Under blue skies, it’s easier to ignore the intense heat and the heavy blanket of humidity. For a while.
Arriving at the visitor center at Corkscrew Swamp Sanctuary, we were surprised to find it almost empty.
Rich Kuntz, the Audubon volunteer who photographs their ghost orchids for the lovely images sold in the gift shop, was just packing up for the morning with his portable tripod-on-a-cart.
He showed us the morning’s image. “This is with a 2x magnifier and an extender” he said, plus the impressive lens on his Nikon.
“It’s like looking for a quarter from a quarter mile away,” John said. Rich nodded.
But that’s why we were here on this steamy summer day. Neither of us had visited Corkscrew in summer. I’d been here in every other season, and our most recent visit was in January on our honeymoon.
The boardwalks were crowded then. Not today. And this time, mosquito repellent wasn’t optional.
The Big Cypress Swamp – of which Corkscrew Strand is a part – has its own natural mosquito repellent in the summer months. I’d learned that in my years of leading Labor Day Weekend swamp walks at Clyde Butcher’s Gallery.
There is a small fish, gambusia, that eats the larvae. A carnivorous plant, the bladderwort, does its work on them too.
But as we discovered on our walk through Corkscrew, neither can do their duty in this season. The swamp is dry.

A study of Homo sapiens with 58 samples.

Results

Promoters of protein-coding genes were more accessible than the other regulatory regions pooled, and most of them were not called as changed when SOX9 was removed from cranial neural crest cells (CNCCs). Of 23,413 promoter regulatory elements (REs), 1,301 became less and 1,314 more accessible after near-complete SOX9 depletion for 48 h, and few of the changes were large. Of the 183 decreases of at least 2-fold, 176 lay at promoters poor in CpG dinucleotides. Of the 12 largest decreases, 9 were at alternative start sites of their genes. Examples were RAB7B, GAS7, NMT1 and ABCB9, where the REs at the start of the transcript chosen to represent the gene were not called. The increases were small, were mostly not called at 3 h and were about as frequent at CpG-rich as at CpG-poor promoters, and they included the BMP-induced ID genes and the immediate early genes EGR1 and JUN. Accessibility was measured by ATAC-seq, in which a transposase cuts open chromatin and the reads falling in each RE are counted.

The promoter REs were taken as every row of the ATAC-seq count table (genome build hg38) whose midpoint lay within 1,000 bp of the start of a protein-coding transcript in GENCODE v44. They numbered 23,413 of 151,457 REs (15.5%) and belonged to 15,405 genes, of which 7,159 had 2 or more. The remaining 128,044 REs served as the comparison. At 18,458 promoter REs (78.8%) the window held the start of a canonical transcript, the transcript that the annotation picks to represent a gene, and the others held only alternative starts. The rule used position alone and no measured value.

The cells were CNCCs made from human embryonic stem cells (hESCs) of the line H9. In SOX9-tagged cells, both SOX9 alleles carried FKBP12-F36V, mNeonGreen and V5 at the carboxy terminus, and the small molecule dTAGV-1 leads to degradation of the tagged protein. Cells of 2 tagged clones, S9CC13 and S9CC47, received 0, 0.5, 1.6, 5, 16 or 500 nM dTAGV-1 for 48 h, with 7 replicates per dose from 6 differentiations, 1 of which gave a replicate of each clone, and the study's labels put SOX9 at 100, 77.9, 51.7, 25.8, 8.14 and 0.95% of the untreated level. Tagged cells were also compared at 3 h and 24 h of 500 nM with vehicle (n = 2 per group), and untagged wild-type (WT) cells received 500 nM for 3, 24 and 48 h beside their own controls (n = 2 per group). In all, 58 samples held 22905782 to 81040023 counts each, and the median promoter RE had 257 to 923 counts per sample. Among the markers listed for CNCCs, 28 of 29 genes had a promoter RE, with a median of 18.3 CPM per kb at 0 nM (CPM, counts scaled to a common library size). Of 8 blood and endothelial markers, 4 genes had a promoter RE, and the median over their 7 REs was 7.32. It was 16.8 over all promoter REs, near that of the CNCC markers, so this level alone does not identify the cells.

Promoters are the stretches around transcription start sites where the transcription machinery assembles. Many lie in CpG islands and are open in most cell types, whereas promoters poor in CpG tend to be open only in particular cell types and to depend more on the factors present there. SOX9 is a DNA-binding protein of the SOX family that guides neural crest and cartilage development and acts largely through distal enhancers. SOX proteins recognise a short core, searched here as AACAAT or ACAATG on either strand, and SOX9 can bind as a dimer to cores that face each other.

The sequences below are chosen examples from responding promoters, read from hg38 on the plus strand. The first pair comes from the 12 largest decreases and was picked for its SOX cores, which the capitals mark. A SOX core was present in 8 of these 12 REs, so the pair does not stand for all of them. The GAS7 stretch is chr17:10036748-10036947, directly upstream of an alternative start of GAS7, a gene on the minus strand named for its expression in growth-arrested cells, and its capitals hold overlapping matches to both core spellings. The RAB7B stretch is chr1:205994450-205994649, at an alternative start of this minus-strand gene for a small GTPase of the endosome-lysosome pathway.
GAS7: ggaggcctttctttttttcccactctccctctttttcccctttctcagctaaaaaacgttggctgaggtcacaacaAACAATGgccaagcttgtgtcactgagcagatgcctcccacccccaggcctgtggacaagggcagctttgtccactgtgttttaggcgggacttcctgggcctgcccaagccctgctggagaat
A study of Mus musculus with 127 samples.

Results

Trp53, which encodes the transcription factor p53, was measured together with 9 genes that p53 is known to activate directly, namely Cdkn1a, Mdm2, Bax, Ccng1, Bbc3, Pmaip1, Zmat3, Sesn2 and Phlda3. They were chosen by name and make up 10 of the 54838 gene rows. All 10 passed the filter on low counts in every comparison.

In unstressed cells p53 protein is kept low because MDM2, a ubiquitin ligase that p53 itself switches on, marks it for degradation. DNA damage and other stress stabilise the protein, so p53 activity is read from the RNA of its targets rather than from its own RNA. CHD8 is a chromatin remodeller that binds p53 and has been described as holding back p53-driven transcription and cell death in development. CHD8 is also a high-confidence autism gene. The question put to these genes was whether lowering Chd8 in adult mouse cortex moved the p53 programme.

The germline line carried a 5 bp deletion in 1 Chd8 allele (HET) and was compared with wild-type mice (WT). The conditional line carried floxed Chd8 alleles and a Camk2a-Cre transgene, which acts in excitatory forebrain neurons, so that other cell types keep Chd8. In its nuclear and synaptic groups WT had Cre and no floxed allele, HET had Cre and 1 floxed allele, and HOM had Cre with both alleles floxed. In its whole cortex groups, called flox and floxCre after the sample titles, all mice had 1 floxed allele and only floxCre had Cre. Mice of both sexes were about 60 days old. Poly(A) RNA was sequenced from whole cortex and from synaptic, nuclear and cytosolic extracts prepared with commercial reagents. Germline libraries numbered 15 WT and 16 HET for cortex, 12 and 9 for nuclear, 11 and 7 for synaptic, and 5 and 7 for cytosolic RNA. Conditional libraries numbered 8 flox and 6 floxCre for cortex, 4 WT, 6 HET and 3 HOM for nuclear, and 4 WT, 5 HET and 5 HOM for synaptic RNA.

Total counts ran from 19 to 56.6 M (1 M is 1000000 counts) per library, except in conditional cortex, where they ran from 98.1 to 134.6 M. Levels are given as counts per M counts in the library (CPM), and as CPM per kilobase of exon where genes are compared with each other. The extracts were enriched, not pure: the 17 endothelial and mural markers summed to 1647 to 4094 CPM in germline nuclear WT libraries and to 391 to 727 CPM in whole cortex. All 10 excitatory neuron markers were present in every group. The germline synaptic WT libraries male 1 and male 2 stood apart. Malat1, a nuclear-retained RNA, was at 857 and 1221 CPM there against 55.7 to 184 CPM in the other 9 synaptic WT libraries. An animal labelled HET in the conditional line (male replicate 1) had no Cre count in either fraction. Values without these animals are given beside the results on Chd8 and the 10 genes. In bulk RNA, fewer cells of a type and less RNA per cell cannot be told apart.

The daily rains that nourish the sheet flow of Big Cypress have only just started this past week. So it was the most peculiar thing to see dark, rich earth with alligator flag sticking out of it.
Swamp hibiscus have started to bloom. We saw many more at CREW Bird Rookery Preserve than we did at Corkscrew, but they were there.
We kept peering into the canopy, which is thick this time of year with the fluffy needles of the cypresses, and occasionally spotted a butterfly orchid.
There are countless bromeliads forming hanging gardens overhead, so many varieties I wished I had an expert with me to name them all. And even without water, the swamp lilies put on a show.
But it was the ghost orchid we truly wanted to see. I’d had the pleasure a decade ago of a swamp walk in Fakahatchee that let me make my first acquaintance with these fragile, rare flowers.
John read all the interpretive signs and found one that mentioned a ghost orchid and where you could spot it. I used the biggest lens we own and still had to guess. We repeated that in several spots.
As I expected, wildlife congregated around the Lettuce Lakes, which still had water in their shrunken centers. A large alligator guarded the deepest pool.
As I was filming the pond apple swamp, John whispered. “Look!” Behind us, a barred owl had settled in the branches, almost close enough to touch.
We kept looking for the “mega ghost” orchid, remembering in January there had been a spotting scope pointed at it and cheerful volunteers all along the boardwalk. We found neither today.
Ironically, it was another owl that led to the discovery of the enormous ghost orchid cluster 120 feet up in the canopy. We’re sure many more are up there too.
But today, we had to settle for three maybes until we could carefully look at the photos. We did that last night. Two of the three were duds – a bit of peeling bark or fungi, a ghostly white bromeliad.
The third was the winner. It was the first one John had spotted, and our camera lens had just enough power to prove it was a ghost orchid, as we thought when looking at it from the ground.
We’d planned to walk through the sanctuary anyway, to see and document it in its deep cloak of summer green.
Photographing the ghost orchid made this summer stroll all the more worth the visit.